Most of us would probably agree that allowances teach kids good money-management skills. The tricky part is setting up the allowance so that kids learn about earning and budgeting money. How much is fair pay for an allowance? Should all chores be reimbursed? Which chores should be paid for? What items should kids spend their allowances on and what should parents buy? Here's a Q-and-A guide to answer those questions.
Should all chores be reimbursed?
No. A child should not be paid to care for his own belongings (clean the room, care for his pets, pick up his toys in the family area). Just as it's not healthy to wait on a child and do everything for him, it's not healthy to teach him to expect payment for every task done. Children should not be paid to do homework, either, but a rewards are a nice way to praise them. Taking a child out for ice cream or buying her a new book; those are good rewards. I don't advise setting a price tag on grades, though. That's not setting him up for real-life experiences; no one pays adults to clean up their own messes and practice self-care.
What chores should be done non-gratis?
Besides self-care chores, kids need to learn that some chores are done as part of family home maintenance. Before and after meals, for example, each of our children helped with before-meal preparation and after-meal clean-up. They also assisted with laundry and general clean-up. These are not paid chores; they are part of family life.
What chores should be paid for?
I pay a set weekly allowance. After self-care chores and family chores, my children have certain paid assignments. This varies with the age, schedule, season and interests of the child and our evolving family structure. As our children get after school jobs, the younger ones take over the parent-paid tasks. Right now, our youngest daughter folds all the family clothes and distributes them to peoples' rooms. She also vacuums the house weekly. Yard work, shed and basement cleaning, painting and home repairs are paid, were usually paid, too. To earn extra money, I pay her to knit washcloths for us. When our eldest daughter was home, babysitting for siblings was a paid-for task. Older kids should not be expected to provide large amounts of child care without reimbursement. They also take better care of their siblings when they are paid. Our kids agreed that their sister was the best babysitter they had.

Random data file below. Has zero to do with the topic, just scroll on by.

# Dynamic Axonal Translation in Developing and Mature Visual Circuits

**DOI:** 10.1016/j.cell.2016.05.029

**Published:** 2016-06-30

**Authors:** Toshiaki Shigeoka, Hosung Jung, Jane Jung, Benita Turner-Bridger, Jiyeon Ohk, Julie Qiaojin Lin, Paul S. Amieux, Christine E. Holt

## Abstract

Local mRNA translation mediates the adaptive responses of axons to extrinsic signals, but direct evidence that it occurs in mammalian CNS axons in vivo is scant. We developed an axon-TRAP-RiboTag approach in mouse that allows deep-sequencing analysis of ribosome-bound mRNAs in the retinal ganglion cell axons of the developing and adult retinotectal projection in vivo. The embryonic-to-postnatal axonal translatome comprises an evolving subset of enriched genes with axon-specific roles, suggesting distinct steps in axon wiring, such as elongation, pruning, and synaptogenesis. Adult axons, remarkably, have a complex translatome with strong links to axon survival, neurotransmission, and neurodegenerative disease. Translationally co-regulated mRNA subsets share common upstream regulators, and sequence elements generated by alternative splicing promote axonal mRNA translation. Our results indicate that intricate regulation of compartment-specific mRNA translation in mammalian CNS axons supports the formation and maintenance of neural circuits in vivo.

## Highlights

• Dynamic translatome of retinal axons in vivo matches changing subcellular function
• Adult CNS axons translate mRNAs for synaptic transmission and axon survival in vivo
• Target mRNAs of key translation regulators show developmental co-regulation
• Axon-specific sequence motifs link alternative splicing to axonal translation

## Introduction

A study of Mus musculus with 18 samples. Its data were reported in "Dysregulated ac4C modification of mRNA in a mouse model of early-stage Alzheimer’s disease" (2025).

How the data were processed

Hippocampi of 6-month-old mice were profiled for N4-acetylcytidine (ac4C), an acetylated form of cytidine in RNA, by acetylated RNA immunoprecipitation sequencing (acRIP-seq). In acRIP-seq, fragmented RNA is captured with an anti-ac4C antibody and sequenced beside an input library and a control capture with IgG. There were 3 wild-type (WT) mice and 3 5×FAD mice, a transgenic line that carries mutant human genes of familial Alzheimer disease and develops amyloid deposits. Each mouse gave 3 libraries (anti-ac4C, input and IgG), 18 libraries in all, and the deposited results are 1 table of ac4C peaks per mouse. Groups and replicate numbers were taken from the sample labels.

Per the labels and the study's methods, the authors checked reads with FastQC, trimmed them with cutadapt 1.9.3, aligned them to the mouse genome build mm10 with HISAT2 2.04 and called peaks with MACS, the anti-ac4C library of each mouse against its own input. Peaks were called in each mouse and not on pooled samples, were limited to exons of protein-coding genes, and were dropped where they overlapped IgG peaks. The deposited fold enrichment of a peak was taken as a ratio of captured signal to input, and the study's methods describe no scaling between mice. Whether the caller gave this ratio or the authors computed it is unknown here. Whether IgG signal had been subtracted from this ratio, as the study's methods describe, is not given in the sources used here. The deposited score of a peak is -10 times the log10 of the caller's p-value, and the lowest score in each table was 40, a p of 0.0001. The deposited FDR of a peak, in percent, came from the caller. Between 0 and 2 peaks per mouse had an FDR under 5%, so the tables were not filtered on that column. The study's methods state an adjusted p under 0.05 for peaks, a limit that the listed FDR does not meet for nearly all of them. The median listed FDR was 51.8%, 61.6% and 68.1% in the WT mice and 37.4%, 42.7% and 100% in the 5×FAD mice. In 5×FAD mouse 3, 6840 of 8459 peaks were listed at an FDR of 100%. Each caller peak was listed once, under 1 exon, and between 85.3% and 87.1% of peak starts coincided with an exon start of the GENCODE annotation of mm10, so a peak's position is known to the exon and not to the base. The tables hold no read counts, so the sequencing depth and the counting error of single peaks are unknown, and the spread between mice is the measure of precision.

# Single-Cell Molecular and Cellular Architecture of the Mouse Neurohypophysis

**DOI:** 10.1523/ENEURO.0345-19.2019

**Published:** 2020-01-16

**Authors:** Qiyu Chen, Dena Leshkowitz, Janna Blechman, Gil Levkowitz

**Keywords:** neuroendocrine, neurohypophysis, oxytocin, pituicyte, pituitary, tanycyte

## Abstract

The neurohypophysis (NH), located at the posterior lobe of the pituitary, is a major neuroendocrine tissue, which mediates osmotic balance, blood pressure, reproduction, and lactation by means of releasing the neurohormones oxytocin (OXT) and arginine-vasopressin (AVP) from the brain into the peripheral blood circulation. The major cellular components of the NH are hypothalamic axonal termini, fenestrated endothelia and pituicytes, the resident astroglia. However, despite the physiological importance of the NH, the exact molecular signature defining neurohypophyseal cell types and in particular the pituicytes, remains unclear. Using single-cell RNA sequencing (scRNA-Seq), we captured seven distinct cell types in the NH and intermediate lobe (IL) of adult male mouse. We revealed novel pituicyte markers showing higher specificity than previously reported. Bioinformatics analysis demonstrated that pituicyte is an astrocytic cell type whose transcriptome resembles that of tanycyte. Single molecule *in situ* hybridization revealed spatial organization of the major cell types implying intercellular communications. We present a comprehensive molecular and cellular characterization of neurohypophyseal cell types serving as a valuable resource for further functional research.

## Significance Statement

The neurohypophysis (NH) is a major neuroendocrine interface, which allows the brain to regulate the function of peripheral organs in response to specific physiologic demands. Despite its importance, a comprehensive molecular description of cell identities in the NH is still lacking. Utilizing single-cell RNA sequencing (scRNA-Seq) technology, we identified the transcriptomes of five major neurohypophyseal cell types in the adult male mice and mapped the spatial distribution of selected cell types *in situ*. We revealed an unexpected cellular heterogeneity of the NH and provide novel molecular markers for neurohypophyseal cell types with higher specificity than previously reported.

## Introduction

How much should kids be paid?
To answer this question, parents first need to determine what kids are going to be expected to pay for with their allowances. I pay $8-12 a week for depending on how much work was done. I usually give a tip if the work is well-done.
What should kids have to pay for?
25 percent goes to long-term savings, 10 percent for short-term savings for specific items and 10 percent for tithing or donations (to encourage generosity). For the short-term specifics, kids have to save for a few cycles before I allow them to make the purchase. Occasionally, I'll float a loan but I don't encourage spending ahead of earning). From the remainder of the allowance, our children paid their portion of the cellphone bill (if they chose to have one). Movies, after-school trips to coffee shops and birthday presents come from the allowance. I'll buy basic cosmetics, clothing and needs, but specialty items must be paid for from the allowance. I provide the necessities and a few treats; they pay for their luxuries. I encourage choice-making, tracking expenses and comparison shopping.
Using these methods, I've raised four money-savvy, penny-pincher kids who know how to spend wisely and save. For a more comprehensive look at kids and allowances, I recommend From Piggybanks to Paychecks, by Angie Mohr.